I once jumped off a cliff. It was at a swimming hole in the national forest, and to be totally cliche, “everyone was doing it.” I had arrived late and missed the instructions on where to jump. When I got there, all the other camp counselors were happily swimming and I stepped cautiously out onto the edge of the great precipice, glanced over the ledge, and jumped straight down.

 

I winced in pain at the impact of my foot against the shallow landing. I tried to ignore it as we hiked back to our cars, embarrassed at my own miscalculation. Back at camp, we returned to our assignments and still, I hid my pain. I continued to walk on my injury for weeks as it worsened. Finally, noticing I could no longer put weight on it, my roommate told the camp director. He whisked me off to the urgent care, where I was wrapped, given crutches, and charged to “stay off of it” for the rest of the summer. I was forced to swallow my pride, drive a golf cart up and down the mountain, and employ friends and even my own campers for tasks as simple as carrying my tray at mealtimes. I felt helpless.

 

Asking for help has never been my forte. I dread interrupting others to burden them. But we shoulder invisible burdens with problems we cannot solve alone. These burdens can be released if only we ask for help. When God provides wisdom in our time of need, it reinforces our faith to continue to ask Him for help.

 

Asking for help builds community by opening doors for others to contribute and serve. It can expose a problem that others didn’t know existed, instead of shouldering the problem alone. By sharing, we receive input from multiple perspectives on how to best solve it.

 

Being vulnerable strengthens relationships. It shows others (and reminds you) that you are not perfect and do not have to uphold that standard for yourself. Our witness is bolstered when we allow others to see God’s helping hand as we proclaim Psalm 121: 2, “My help comes from the Lord, the Maker of heaven and earth (NIV).”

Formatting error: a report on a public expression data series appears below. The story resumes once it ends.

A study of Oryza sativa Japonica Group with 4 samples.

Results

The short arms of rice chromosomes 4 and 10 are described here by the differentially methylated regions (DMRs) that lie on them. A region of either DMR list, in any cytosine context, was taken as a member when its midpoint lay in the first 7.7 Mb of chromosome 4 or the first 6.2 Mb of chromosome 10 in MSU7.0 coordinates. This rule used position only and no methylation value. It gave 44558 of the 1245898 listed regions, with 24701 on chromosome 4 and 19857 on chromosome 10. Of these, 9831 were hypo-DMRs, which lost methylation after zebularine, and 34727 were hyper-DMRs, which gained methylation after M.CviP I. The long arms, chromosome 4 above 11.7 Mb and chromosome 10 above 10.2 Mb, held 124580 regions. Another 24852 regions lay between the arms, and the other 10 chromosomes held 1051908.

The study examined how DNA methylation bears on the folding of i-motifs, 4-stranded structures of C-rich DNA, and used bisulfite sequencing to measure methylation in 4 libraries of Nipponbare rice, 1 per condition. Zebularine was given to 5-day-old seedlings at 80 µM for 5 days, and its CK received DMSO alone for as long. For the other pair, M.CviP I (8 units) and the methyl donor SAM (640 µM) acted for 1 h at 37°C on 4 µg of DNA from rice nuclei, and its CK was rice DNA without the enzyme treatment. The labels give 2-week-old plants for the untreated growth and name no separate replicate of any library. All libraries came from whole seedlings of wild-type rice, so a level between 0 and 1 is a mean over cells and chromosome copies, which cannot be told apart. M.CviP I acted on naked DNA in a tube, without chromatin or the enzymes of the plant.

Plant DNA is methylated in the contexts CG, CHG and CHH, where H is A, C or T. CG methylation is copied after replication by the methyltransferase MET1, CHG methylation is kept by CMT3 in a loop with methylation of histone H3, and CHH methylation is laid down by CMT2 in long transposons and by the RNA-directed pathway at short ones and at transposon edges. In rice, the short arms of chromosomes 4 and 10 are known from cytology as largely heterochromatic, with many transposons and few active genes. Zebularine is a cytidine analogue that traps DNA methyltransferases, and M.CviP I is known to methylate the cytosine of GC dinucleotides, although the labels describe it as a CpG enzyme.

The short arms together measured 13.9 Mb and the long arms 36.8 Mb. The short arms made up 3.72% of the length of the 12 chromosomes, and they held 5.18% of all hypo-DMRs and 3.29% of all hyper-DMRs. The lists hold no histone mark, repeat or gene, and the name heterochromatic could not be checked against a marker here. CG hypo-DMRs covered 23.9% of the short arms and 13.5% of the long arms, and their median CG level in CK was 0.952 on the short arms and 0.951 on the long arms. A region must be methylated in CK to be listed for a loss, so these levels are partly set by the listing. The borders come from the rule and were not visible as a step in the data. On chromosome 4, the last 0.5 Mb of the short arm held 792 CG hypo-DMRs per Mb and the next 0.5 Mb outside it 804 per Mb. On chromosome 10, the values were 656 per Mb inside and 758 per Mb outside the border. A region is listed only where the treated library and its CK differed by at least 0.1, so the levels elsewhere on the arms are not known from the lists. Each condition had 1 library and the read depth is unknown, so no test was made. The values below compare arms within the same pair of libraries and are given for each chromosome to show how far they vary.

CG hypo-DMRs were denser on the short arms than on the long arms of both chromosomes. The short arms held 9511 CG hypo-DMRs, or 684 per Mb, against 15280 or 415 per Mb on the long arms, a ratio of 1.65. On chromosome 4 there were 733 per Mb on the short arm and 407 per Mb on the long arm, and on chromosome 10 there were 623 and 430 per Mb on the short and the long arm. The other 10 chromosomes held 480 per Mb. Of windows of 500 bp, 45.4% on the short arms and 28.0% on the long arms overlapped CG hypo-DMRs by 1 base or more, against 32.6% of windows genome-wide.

God faithfully sends help when we feel too weak to move forward, too weak to help ourselves. How affirming it is to be the one who offers help, to serve with the gifts God uniquely designed for you! We show God’s love to others when we serve them. God has given us unique gifts to help and serve. In giving, we allow what we may perceive as our own gifts from Him to become His gifts to others.

 

When we humbly approach the Lord in prayer, we draw on our faith to trust that He’ll help, even if it is beyond the scope of our limited understanding. He promises to deliver us in our times of trouble. “I sought the Lord, and He answered me; he delivered me from all my fears (Psalm 34:4, NIV).”

 

What gifts would we miss by not asking for help? What lessons would we learn? What rest would restore us if only we open ourselves to receiving help? What relationships would we gain through the connection of vulnerability and service?

 

Consider areas of your life where you need God’s holy wisdom. How could you ask for help to lighten your load during this season?

 

Whether you are in a season of abundance or a season of need, consider the ways in which you can extend help to others, and don’t hesitate to be the one to ask.

 

Written by Ashley Bartley

Ashley Bartley is a wife, mom to three small boys, and an elementary school counselor in the beautiful Shenandoah Valley of Virginia. She writes @TendingWild on Instagram and blogs at ashleybartley.com, where she encourages women to create a habit of pause in every small, great, and wild moment.